Nicholas Johnson
The Daily Iowan, Guest Opinion
February 4, 2003, p. 6A

Want to see other writing by Nicholas Johnson about the Bush Administration's approach to war with Iraq? Check out:

Capitalists Can Help U.S. Avert War with Iraq

Between Iraq and a Hard Place

Tell the Rest of the Story

Search for Better Response Than War: Don't Reward the Terrorists, But Understand Their Interests

Rethinking Terrorism

As a university community we don’t just “support” or “oppose” the war in Iraq. We value data and reasoned analysis. We ask questions.

Put aside the nukes in North Korea. Put aside the emotionally charged arguments. Not that they’re irrelevant. But just consider these 10 questions you might want to ask your public officials, academic colleagues, any presidential candidates you happen upon – and yourself.

1. Al Qaeda is alive and well, just over the Afghanistan border and in 60 countries. Why start a new war before resolving the last? How is "homeland security" improved by diverting focus from Al Qaeda?

2. Global Muslim support is essential to a successful war on terrorism. Threatening war with Iraq increases Muslims’ hatred – and terrorists’ recruiting. What benefits from war in Iraq exceed the costs of increased terrorism here?

3. Iraq war or not, our arrogant, go-it-alone saber-rattling has squandered valuable post-9/11 global good will. Our worldwide economic, democratic, military and human rights efforts require allies. How does alienating them serve our national interest?

4. President Bush says Saddam might use weapons of mass destruction. The President may be wrong; but especially if he's right, why fail to heed the CIA's warning: Saddam's most likely to do so only if attacked?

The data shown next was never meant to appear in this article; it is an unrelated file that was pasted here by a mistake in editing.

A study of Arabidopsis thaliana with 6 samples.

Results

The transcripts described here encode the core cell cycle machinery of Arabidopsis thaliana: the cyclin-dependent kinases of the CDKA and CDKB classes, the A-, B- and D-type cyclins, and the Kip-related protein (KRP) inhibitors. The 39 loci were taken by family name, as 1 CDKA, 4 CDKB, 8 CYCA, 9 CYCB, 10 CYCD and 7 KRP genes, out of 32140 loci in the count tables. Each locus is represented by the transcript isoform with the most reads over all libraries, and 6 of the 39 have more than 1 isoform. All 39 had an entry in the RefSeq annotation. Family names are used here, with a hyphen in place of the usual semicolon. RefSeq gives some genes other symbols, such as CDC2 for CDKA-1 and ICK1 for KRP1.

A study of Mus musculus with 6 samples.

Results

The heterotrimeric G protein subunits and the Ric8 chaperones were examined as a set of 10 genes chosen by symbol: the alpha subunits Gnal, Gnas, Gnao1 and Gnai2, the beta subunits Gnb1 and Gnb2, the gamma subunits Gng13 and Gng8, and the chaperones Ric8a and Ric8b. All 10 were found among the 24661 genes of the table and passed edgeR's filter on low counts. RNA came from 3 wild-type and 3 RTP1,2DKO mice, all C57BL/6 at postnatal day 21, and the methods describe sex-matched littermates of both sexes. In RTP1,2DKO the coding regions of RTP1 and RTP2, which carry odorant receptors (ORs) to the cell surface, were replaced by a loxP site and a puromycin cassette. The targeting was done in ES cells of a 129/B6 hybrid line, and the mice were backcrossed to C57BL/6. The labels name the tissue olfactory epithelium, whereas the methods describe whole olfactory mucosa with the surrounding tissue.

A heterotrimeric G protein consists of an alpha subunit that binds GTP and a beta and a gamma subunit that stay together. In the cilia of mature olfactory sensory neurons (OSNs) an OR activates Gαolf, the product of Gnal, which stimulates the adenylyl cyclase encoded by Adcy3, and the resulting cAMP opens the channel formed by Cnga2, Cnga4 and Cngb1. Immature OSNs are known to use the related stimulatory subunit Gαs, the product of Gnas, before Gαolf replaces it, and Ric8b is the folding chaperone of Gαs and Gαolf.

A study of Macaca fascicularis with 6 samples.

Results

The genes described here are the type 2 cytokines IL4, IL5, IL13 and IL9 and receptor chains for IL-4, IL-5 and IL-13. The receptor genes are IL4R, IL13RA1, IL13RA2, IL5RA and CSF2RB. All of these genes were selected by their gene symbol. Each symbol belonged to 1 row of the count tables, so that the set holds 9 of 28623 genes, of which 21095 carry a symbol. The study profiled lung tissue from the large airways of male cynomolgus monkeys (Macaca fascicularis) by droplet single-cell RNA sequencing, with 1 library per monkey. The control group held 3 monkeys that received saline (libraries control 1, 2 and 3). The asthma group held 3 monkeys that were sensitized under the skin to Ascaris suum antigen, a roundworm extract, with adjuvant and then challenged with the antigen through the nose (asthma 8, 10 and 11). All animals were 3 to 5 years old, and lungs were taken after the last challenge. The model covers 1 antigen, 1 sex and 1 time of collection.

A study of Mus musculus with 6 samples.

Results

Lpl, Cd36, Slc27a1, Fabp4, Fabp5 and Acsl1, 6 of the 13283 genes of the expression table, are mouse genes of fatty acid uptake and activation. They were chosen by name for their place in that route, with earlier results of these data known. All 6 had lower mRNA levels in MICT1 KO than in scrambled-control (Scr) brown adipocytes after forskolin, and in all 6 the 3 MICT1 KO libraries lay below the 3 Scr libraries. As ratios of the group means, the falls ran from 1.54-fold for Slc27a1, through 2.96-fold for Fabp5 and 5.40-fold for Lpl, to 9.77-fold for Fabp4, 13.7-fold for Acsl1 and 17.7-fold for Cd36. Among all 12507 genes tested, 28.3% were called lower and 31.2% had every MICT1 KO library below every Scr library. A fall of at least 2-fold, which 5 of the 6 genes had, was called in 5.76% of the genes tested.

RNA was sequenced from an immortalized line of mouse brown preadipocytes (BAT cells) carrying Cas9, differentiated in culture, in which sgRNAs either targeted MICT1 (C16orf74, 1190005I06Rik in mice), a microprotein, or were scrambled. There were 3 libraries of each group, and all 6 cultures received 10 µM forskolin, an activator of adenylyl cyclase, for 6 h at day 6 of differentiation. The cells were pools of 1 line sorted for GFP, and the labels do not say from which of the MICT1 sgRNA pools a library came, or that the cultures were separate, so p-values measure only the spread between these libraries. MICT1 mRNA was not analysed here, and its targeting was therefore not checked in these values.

5. The administration’s inherited budget surpluses have become deep deficits. War with Iraq adds billions to our grandchildren’s national debt. Why abandon our relatively low-cost policy of containment? Why now? And, if so, why not increase taxes to pay as we go?

6. The Administration’s policy of global military domination and preemptive wars reverses 200 years of American policy, violates international law, the UN Charter, NATO Treaty, and possibly the U.S. Constitution. China could use the theory to justify attacking Taiwan. How is national security improved by setting back 50 years of progress in international relations?

7. Once the dogs of war are unleashed, there’s no controlling where they go. If we let the dogs out, minimally we lose Middle East stability. Worst case, we start World War III. How does risking either serve our interests?

8. What’s “war” in a city? We can level Baghdad, as we did Dresden and Hiroshima. That’s lots of “collateral damage.” We can send in ground troops. But even a weakened Hitler was able to kill the 10,000 Russian soldiers who tried that strategy in Berlin. What military strategy makes a Baghdad war “winnable” – with acceptable levels of  civilian and U.S. casualties?

9. Assume the improbable: a war that’s quick, cheap, decisive and contained. What then? Why will Saddam’s successor be better? How can he prevent civil war among Iraq’s factions, let alone Middle East chaos? Our man in Afghanistan is still under attack even in Kabul. Why will our man in Baghdad do better? What will it cost us to rebuild Iraq? Will we keep bases there forever? Or will we abandon Iraq for wars elsewhere – as we’ve done in Afghanistan?

10.  Iraq sits atop the world’s second largest oil reserves. How much of this proposed war is about oil? How will U.S. occupation of Iraq affect the interests of U.S. oil companies -- and consumers? Which campaign contributors profit from this war?

Washington hasn’t, yet, provided satisfactory (to me) answers to these and other questions. Maybe we can find them in Iowa City.